Twitter rolls out in-stream video ads
- Twitter now offers marketers an in-stream video ad format per a blog post, meaning brands can now run in-stream pre-roll and mid-roll ads to align with highlights clips and live-streams from Amplify partners, including TV networks, major sports leagues, major publishing houses and magazines, and professional news outlets.
- In the announcement, Twitter cited findings from 406 Nielsen Brand Effect research revealing people who saw video ads on Twitter were 50% more likely to be aware of an advertiser’s brand, feel 14% more favorable about the brand and had an 18% higher purchase intent versus those not exposed to video ads.
- “Twitter is home to brand-safe video from hundreds of the world’s top publishers,” the blog post noted, in an obvious swipe at YouTube, which is facing a host of issues around brand safety and offensive video content.
The company needs a shot in the revenue arm after multiple quarters of disappointing earnings reports and lagging user growth and getting into the in-stream video ad game helps flesh out its total video advertising offerings that also include sponsorships and promoted videos. The Twitter post pointed out its video impressions “grew significantly” from Q3 to Q4 2016 without providing hard figures on the actual amount of growth. It also linked to a Zenith Media report for 2016 forecasting that mobile would become the main platform for online video views.
The in-stream strategy builds on Twitter's recent introduction of pre-roll ads for Periscope.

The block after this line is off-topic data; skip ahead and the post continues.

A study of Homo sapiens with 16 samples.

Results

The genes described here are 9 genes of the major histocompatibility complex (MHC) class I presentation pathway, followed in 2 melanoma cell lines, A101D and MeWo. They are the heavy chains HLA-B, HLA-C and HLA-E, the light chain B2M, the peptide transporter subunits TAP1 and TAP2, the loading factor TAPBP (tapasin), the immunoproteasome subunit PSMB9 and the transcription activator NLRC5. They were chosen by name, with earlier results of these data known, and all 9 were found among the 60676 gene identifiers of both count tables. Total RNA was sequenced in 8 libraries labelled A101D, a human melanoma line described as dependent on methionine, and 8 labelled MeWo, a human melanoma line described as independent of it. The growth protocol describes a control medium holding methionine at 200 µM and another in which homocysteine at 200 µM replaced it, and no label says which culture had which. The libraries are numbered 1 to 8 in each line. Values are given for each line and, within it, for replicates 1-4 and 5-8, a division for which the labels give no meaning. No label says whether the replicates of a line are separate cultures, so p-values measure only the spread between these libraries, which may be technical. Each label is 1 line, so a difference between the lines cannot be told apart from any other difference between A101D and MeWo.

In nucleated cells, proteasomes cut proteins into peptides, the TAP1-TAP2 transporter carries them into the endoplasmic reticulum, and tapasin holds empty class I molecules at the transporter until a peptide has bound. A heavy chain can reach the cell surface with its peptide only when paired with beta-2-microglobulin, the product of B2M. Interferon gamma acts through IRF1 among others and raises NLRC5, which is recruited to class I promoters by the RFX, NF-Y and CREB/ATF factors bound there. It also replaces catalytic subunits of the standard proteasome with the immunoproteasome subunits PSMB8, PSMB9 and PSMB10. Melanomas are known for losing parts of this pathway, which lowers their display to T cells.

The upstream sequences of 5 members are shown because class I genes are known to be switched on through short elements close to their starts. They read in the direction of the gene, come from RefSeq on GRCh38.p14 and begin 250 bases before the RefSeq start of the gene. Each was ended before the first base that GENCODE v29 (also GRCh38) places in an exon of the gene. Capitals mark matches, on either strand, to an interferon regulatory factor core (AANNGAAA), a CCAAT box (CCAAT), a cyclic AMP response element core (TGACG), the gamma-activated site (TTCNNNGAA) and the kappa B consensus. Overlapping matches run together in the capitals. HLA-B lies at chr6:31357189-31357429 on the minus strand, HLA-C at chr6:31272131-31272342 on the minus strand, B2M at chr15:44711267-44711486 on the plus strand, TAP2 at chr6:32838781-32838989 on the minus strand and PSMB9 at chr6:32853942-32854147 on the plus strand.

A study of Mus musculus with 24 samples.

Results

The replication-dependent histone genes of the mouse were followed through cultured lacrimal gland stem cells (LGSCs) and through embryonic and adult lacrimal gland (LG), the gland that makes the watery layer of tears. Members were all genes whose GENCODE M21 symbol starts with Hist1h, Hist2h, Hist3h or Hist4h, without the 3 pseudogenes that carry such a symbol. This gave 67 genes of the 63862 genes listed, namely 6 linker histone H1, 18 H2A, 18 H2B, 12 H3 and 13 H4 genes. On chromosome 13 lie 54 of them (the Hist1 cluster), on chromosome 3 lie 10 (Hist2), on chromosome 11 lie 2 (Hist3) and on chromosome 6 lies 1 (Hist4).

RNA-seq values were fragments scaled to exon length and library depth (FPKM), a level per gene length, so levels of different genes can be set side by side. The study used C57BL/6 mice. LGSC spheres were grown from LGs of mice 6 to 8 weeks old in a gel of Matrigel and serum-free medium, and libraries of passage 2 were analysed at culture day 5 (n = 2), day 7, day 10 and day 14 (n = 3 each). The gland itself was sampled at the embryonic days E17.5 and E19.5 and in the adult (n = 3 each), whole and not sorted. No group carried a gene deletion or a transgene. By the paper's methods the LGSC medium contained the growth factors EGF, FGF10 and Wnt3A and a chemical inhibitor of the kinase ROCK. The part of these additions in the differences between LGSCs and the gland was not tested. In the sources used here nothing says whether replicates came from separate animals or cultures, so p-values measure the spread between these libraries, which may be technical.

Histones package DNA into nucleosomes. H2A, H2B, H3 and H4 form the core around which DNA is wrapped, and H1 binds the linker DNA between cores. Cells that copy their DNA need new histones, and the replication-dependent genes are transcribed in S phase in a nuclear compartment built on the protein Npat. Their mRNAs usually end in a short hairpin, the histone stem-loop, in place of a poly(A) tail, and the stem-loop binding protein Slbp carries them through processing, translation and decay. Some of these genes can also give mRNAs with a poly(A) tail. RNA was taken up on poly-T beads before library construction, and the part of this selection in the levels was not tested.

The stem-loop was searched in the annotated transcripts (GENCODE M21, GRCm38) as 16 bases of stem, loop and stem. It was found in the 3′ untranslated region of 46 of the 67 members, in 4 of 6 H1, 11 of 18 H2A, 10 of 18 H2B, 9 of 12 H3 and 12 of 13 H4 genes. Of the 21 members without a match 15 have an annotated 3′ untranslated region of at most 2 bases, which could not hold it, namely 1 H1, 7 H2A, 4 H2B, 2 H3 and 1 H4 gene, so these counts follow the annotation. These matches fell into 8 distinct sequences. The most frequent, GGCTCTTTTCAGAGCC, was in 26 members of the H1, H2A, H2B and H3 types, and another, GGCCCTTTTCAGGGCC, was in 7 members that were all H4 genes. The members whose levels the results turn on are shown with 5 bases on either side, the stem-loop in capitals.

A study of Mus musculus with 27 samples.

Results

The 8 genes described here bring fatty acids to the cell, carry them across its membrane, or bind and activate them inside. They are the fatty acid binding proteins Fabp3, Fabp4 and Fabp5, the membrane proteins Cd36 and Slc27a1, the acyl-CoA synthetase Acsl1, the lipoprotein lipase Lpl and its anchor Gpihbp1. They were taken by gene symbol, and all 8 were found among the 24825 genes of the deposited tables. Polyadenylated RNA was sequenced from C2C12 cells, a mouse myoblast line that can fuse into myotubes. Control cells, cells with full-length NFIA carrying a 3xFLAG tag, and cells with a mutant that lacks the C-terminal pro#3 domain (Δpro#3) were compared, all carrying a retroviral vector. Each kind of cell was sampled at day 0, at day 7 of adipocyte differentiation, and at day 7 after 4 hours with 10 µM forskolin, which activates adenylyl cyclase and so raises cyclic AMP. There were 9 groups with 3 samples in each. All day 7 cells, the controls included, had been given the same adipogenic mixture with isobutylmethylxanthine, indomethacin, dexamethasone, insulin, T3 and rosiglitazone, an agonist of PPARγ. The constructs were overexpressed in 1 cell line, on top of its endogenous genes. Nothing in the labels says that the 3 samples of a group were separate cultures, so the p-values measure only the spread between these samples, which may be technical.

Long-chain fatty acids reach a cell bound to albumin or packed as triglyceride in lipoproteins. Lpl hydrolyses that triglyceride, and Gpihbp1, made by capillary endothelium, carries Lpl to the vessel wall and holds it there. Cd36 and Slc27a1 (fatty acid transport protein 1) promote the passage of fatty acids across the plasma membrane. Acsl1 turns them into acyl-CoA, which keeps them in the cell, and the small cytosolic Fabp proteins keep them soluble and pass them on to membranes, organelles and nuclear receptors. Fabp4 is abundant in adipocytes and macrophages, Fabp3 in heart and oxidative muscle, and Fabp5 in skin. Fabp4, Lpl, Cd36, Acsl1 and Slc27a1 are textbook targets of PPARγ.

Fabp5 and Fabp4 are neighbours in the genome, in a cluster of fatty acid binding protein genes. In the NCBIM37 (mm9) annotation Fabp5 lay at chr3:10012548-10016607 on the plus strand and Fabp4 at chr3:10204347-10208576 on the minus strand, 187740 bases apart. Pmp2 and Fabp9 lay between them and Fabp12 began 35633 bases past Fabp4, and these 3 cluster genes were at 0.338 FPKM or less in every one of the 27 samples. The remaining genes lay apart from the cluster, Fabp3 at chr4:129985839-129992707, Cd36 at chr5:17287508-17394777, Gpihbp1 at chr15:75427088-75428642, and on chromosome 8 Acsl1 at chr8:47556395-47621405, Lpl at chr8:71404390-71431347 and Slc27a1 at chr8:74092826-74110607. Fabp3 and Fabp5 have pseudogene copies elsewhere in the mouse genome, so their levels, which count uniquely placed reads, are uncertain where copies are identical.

As video content consumption continues to grow on mobile, consumers are getting used to seeing ads appear in this content. Still, one challenge Twitter and brands will face with in-stream ads is ensuring they do not come across as intrusive to users.
Video has become the go-to content type for social media platforms in general, and Twitter has put major stakes in its live streaming and other video content strategies. However, it recently lost the rights to stream NFL games to Amazon for next season, a blow that could signal Twitter may struggle to bring on the kind of video content that attracts large numbers of consumers now that other, bigger platforms are increasingly chasing after the same partnerships.
Twitter is also facing challenges on the second-screen front, where it has traditionally been a leader. The choices for second-screen marketing have proliferated quickly as Snapchat has moved up the ranks with several significant second-screen activations while YouTube, Facebook and Instagram are also chasing this space.
The blog post also reminded readers that Twitter would be participating in IAB NewFronts next month.